Of E-bikes and range and efficiency
So I decided to run a bit of a test for range. You see, the e-bike has a simple ‘5-bar’ battery meter, not really letting you know how much farther you could go before you are doing all the work. Unlike a car, the downside of running out of juice is not as terrible, you just have to handle all the hills yourself. Also, unlike a car, the amount of work the battery/motor puts in is not 100%, and is variable. But, despite all that, I still want to know how often I have to charge / do I have the range to go there and back without having to charge or do all the work.
The setting I have available ‘Pedal Assist’ is a level from 0…9. When its on ‘0’ the electronics are all sleeping. As you step this up from 1…9, as you pedal, the motor puts in some work to match. In practise I’ve found that higher than level 1 is just not needed unless you are in a real hurry and a bit lazy. So all my riding is on ‘1’.
So for the test. My round-trip commute is 6k, so 30k/week. I started the week off with a 20k ride in ~14degree weather, followed by the weekly commute and associated errands, followed by a ~20k ride in ~6degree weather. This lead to 73.5km according to the trip odometer. I started this out ‘full’ (5 bars) and ended it on 2-bars (so ~40% if I believe the meter). This implies that I could go probably ~100km before running fairly low on battery.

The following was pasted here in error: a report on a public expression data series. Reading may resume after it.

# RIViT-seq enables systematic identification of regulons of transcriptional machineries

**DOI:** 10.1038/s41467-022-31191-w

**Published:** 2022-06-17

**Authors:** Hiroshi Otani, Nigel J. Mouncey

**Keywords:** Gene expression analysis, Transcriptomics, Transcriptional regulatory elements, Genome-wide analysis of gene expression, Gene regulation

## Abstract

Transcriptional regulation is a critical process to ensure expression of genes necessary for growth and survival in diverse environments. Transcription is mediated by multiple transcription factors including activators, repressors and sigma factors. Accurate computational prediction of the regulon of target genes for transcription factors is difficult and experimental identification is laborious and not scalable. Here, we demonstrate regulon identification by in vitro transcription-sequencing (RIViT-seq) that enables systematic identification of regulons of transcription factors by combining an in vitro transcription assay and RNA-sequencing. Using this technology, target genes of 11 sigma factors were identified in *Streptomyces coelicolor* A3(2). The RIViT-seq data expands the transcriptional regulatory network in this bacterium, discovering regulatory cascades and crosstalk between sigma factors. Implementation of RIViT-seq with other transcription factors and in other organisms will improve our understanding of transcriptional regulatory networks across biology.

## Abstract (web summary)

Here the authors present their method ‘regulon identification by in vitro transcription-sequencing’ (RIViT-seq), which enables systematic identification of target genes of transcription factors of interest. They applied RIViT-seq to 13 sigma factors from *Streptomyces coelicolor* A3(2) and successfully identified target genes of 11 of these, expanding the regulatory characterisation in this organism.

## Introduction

The battery is 48V @ 16AH, or ~800WH. Now lets compare. Our car (Chevy Bolt) is 60kWH, and has a maximum range of about 500km in perfect conditions. So I have 1.3% the capacity, and 1/5 the range (its a much much lighter vehicle and of course no AC/heat/… so its not a fair test). In other words, the car is 6.4% the efficiency of the bike if we look at it from solely a ‘moving 1 person from A to B’ standpoint.
Lets compare against another electric. If we look at a Tesla model X P100D, this vehicle has 100kWH for 465km range, or about 3.6% the efficiency (again on the sole metric of moving 1 person from A to B).
So despite my ‘fat’ tires having lots of rolling resistance, it seems an e-bike is pretty efficient (mainly due to power/weight ratio) compared to a car.